Frequently Asked Questions
Welcome to our FAQ page for pseudomyxoma peritonei (PMP) and appendix cancers. PMP is a rare cancer that affects the abdominal cavity, while appendix cancer is a malignancy that arises from the cells of the appendix. Both types of cancer can be difficult to diagnose and treat due to their rarity and complex nature. On this page, we have compiled a list of frequently asked questions related to PMP and appendix cancers to help provide you with information and resources on these conditions. Our aim is to provide answers to some of the most common questions and concerns related to PMP and appendix cancers, and to offer support and guidance for those affected by these rare diseases.
What are the statistics for pseudomyxoma peritonei?
It’s estimated that 1 in 2 people in the UK born after 1960 will be diagnosed with some form of cancer during their lifetime. What numbers are there for pseudomyxoma peritonei (PMP)?
MOAS is an abbreviation for the term the “Mother of All Surgeries” and refers to CRS and HIPEC.
What to pack for your hospital stay
One of the questions we get asked a lot and features heavily in our support groups is “What do I need to bring into hospital with me?”.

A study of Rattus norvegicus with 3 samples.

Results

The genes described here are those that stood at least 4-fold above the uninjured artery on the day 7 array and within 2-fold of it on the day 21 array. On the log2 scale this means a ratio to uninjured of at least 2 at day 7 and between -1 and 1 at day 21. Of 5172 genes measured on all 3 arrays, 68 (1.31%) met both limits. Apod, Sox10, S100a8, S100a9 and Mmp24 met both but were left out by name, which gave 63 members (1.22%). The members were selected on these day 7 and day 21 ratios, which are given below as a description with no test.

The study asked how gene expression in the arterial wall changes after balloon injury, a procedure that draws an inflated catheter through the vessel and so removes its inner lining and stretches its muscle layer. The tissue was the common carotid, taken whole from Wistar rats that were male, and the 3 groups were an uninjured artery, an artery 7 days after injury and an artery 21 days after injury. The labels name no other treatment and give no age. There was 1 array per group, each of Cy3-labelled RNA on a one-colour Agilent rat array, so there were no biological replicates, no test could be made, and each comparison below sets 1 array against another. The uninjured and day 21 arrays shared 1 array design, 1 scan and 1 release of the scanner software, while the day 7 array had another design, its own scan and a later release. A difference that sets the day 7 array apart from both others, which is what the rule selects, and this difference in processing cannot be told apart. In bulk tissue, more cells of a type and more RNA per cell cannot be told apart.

What surgery is called the mother of all surgeries?
Treating pseudomyxoma peritonei and appendix cancers can be challenging.
How can I help support patients?
Patients and their caregivers benefit from emotional and practical support.
Tumour markers CEA, CA125 and CA19-9, what are they and what do they mean?
A tumour marker is a substance of the blood that appears at a higher level than expected in your blood, in your urine or in a sample of your tissue. They may be produced by the presence of cancerous cells or by perfectly healthy cells.
How do you pronounce pseudomyxoma peritonei?
You’ve got the diagnosis and you’ve stared at the words but just how do you pronounce pseudomyxoma peritonei?
Is Pseudomyxoma Peritonei Rare?
Pseudomyxoma peritonei (PMP) is a rare and uncommon cancer.